The tens of thousands of runners in the New York City Marathon this weekend will have a clear path through Central Park after workers labored to remove branches and trees downed by a late October snowstorm, park and race officials said Thursday.
Even though the cleanup will continue for a couple more weeks, the park will be ready for Sunday's massive marathon, which winds through the Manhattan park, Central Park Conservancy spokeswoman Dena Libner said. On Thursday, workers were high up in trees using saws to cut branches in danger of falling, and large trucks hauled away tree debris.
NYC Marathon spokesman Richard Finn said city agencies had done a superb job cleaning up after the storm, which dumped about 3 inches of wet, heavy snow in the park.
"All the people stepped up in New York City," he said at Central Park early Thursday afternoon. "The race course is clean. It's ready."
He said race officials were lucky the storm didn't hit on the weekend of the race because it would have caused some "major disruption."
"It would have been a spectacular shock," he said. "It would have been like playing in a blizzard in a football game."
Thousands of trees were damaged — about 1,000 were expected to be lost — during the storm, affecting about 400 acres of mostly the southern end of the park. The storm caused an estimated $500,000 in damage.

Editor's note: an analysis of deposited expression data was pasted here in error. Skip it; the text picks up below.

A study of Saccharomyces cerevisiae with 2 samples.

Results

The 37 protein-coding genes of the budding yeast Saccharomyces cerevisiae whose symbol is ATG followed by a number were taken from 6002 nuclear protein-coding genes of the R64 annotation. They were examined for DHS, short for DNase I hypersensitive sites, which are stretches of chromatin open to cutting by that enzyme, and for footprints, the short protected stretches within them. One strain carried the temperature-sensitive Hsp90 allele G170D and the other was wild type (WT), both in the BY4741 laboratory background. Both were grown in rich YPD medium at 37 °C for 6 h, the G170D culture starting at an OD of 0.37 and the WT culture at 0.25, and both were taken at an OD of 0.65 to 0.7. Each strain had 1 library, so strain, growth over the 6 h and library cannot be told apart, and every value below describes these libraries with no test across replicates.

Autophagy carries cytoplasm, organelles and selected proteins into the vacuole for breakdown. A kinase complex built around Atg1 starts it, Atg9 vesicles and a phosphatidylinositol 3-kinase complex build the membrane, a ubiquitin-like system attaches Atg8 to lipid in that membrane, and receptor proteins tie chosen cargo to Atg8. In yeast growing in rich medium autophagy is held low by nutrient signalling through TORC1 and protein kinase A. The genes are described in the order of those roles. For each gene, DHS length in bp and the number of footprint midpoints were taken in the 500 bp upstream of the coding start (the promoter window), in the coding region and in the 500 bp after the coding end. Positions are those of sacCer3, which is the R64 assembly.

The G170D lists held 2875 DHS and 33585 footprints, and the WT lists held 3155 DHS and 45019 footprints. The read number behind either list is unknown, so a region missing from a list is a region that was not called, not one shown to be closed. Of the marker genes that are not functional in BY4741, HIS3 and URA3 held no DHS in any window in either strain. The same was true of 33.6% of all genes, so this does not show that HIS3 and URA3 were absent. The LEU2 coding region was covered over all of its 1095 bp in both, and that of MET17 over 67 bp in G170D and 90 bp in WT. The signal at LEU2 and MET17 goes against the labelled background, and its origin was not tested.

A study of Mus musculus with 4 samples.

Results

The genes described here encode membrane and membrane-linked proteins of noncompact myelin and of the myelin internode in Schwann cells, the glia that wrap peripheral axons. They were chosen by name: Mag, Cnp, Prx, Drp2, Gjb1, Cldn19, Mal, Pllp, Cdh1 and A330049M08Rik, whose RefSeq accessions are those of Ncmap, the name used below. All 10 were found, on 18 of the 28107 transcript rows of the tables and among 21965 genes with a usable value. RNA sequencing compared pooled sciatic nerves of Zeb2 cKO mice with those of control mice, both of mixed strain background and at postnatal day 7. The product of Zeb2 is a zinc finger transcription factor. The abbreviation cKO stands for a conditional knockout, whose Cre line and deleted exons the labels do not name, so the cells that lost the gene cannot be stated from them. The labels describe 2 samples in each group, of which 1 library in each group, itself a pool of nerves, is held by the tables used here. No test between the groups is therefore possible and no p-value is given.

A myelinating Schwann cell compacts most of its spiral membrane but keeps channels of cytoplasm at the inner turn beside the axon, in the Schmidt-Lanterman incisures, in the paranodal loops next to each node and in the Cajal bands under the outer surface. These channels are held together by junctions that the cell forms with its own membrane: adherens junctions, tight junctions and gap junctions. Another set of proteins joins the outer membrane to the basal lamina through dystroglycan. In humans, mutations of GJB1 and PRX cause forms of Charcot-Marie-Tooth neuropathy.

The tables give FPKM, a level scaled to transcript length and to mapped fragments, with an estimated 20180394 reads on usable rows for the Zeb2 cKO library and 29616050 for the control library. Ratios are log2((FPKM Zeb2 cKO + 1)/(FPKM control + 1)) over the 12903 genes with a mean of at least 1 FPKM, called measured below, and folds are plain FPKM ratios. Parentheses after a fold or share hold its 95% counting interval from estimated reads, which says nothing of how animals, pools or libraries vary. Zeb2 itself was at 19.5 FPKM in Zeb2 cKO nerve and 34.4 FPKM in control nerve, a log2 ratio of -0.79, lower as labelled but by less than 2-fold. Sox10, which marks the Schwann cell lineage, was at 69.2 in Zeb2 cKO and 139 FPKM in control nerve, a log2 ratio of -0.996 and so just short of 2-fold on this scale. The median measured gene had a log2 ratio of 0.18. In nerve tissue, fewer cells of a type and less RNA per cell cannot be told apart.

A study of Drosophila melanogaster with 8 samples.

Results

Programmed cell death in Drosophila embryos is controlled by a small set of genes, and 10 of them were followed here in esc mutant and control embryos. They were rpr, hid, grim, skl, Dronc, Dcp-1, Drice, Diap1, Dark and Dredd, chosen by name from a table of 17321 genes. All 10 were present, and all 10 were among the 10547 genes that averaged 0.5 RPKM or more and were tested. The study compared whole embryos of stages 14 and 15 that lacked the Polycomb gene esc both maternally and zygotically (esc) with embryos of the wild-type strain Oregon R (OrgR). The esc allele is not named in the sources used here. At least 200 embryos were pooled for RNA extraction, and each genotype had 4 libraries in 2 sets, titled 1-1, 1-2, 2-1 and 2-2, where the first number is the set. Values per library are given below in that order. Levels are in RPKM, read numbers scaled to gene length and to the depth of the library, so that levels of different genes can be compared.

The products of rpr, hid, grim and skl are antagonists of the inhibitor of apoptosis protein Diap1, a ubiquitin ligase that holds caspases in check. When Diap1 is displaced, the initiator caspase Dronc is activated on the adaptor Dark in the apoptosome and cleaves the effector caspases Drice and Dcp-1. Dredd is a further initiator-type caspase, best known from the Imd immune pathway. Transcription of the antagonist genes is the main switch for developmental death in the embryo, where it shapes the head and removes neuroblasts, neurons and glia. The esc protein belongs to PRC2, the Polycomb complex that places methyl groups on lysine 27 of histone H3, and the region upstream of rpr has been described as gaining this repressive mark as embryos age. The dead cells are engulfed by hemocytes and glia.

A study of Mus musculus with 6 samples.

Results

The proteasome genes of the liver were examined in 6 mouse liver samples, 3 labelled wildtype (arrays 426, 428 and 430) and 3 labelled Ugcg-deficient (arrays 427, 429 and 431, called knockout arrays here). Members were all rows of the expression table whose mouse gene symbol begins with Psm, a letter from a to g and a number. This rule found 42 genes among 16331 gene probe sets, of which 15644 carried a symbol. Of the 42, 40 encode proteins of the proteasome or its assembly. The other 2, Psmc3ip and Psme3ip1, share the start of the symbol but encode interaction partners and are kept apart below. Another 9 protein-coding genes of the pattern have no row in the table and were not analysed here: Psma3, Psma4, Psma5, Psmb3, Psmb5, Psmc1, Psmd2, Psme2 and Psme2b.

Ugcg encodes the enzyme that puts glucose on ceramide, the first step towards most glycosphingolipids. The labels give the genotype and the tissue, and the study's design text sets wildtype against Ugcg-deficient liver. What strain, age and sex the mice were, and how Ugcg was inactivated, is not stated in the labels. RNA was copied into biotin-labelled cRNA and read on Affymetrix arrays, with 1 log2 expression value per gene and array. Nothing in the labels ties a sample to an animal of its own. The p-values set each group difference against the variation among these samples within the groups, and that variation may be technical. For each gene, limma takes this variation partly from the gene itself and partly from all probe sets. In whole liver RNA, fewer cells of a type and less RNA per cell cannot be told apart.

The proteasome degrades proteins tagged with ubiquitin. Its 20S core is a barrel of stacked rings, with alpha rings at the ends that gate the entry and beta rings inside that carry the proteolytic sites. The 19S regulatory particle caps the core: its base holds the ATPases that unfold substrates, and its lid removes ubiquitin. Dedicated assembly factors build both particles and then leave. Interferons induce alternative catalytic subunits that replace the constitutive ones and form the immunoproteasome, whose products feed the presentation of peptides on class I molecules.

Trees as large as 3 to 4 feet across were toppled, with snow weighing down leaves and branches until they gave way.
The marathon's finish line is in Central Park, but the race gets its start at Fort Wadsworth on Staten Island, with runners crossing first over the Verrazano-Narrows Bridge into Brooklyn and then traveling through the city's other boroughs.
More than 47,000 people participated in last year's marathon, and many thousands more watched from the sidelines, cheering the runners on as they weaved through the city's neighborhoods.
During a news conference with marathon officials on Wednesday at the finish line, Mayor Michael Bloomberg said the event was a "major boon" to the city's economy and called it the "highest-grossing single-day sporting event in New York."
According to marathon organizers, the run is expected to generate $350 million in economic activity; some $10 million in tax revenue will be generated for the city alone.
Bloomberg said the marathon served as a huge opportunity to market the city to the spectators and runners coming from all over the world to watch and participate in it.
"An awful lot of these people come to New York, some for the first time, bring their families in many cases, and they stay for the week," he said. "It really has an enormous impact."
AP correspondent Warren Levinson contributed to this report.